Parents caught in the middle of K-12 masking debate

·2 min read

Parents in some parts of the U.S. are increasingly frustrated at their deadlocked school districts when it comes to masking policies and the few options for protecting unvaccinated kids this fall.

The big picture: The Biden administration's recent plea that people wear masks indoors again risks falling on deaf ears in the hardest-hit states, leaving families who are at odds with local policies in a quandary.


  • "Mitigation measures or vaccinations for students when available can substantially reduce these risks," the authors write.

State of play: Pediatricians, public health experts, and even teachers are asking parents to send their child to school with a mask even if districts aren't mandating it.

  • "I know it’s really hard because they’re going to seem like they’re the odd person, but you’re looking at not only protecting the child but other individuals," said Tina Tan, professor of pediatrics at Northwestern University, Feinberg School of Medicine.

  • Children are much less likely than adults to get very ill or die from COVID-19, according to several experts and studies.

  • But there are still concerns children may transmit to more vulnerable populations. Severe illness does happen and has killed some children.

What's happening: About half of states are allowing decisions on masking to be made at the local level — in theory, a way to address the individual needs by the community.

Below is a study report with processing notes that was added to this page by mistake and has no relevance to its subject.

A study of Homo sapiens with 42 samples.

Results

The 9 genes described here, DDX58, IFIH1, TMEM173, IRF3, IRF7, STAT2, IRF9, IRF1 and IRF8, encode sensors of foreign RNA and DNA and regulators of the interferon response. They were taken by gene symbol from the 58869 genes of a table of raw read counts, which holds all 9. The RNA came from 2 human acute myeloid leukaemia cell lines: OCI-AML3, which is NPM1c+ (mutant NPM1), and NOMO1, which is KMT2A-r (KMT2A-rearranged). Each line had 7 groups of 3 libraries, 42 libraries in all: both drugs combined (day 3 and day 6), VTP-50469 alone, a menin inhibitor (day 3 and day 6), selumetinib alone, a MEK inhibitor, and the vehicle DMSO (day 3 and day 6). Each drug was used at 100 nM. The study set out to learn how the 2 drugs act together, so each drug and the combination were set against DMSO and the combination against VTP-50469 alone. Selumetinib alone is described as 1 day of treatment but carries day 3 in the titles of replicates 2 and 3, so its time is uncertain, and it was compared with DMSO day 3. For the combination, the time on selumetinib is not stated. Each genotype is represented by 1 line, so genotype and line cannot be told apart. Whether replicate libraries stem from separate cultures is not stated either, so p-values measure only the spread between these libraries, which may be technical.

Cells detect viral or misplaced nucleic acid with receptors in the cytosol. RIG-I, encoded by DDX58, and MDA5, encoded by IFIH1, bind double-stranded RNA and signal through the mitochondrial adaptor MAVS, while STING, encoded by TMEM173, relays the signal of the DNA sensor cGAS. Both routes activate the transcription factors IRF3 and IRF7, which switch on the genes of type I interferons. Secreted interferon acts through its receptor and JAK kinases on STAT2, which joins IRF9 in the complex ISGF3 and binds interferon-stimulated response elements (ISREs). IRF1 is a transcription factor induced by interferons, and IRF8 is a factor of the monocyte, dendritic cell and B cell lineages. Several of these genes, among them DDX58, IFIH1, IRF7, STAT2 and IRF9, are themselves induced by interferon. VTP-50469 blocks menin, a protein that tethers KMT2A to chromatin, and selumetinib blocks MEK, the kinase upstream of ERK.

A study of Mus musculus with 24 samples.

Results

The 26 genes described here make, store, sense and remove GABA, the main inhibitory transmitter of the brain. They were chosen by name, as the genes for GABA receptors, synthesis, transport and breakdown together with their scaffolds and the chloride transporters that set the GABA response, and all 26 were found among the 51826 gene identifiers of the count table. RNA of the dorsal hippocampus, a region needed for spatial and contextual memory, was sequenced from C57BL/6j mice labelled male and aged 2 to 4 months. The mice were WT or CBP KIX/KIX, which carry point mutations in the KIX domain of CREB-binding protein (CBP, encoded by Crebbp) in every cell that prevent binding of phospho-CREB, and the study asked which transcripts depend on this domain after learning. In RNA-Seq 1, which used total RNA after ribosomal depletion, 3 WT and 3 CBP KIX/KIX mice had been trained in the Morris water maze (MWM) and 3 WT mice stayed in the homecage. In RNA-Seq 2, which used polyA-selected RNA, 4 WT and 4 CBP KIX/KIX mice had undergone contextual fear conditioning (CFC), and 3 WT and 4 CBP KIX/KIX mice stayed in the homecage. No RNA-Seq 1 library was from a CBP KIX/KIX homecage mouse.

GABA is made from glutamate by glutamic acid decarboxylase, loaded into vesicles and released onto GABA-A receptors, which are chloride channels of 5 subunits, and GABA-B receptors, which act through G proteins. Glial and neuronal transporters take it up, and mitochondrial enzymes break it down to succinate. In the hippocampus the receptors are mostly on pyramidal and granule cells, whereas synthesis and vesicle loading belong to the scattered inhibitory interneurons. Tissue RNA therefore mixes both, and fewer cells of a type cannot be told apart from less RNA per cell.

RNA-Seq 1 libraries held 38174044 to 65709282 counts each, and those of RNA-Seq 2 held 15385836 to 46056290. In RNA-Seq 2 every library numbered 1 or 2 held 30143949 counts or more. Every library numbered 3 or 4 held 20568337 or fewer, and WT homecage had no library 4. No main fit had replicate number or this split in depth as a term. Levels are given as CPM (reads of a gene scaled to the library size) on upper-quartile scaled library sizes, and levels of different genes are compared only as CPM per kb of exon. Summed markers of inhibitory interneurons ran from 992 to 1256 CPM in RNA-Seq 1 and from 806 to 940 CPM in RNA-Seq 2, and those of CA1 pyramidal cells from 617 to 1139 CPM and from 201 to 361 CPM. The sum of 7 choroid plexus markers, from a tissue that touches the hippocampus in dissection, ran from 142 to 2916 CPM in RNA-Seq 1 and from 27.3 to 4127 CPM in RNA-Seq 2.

• This can be tricky when committees with few resources see parents organizing and protesting outside school board meetings, Keri Rodrigues, co-founder and president of the National Parents Union said.

  • In Broward County, Florida, a meeting had to be postponed about two dozen mask opponents waged screaming matches with school board members and burned masks outside the building.

Still, three states — Louisiana, Oregon and Nevada — changed their positions since the CDC released guidance last week that all students and staff in schools should wear masks.

  • However, a number of states, including Arkansas, Florida, Iowa, Montana, South Carolina, Tennessee and Texas have prevented local governments and school districts from requiring masks, according to AARP.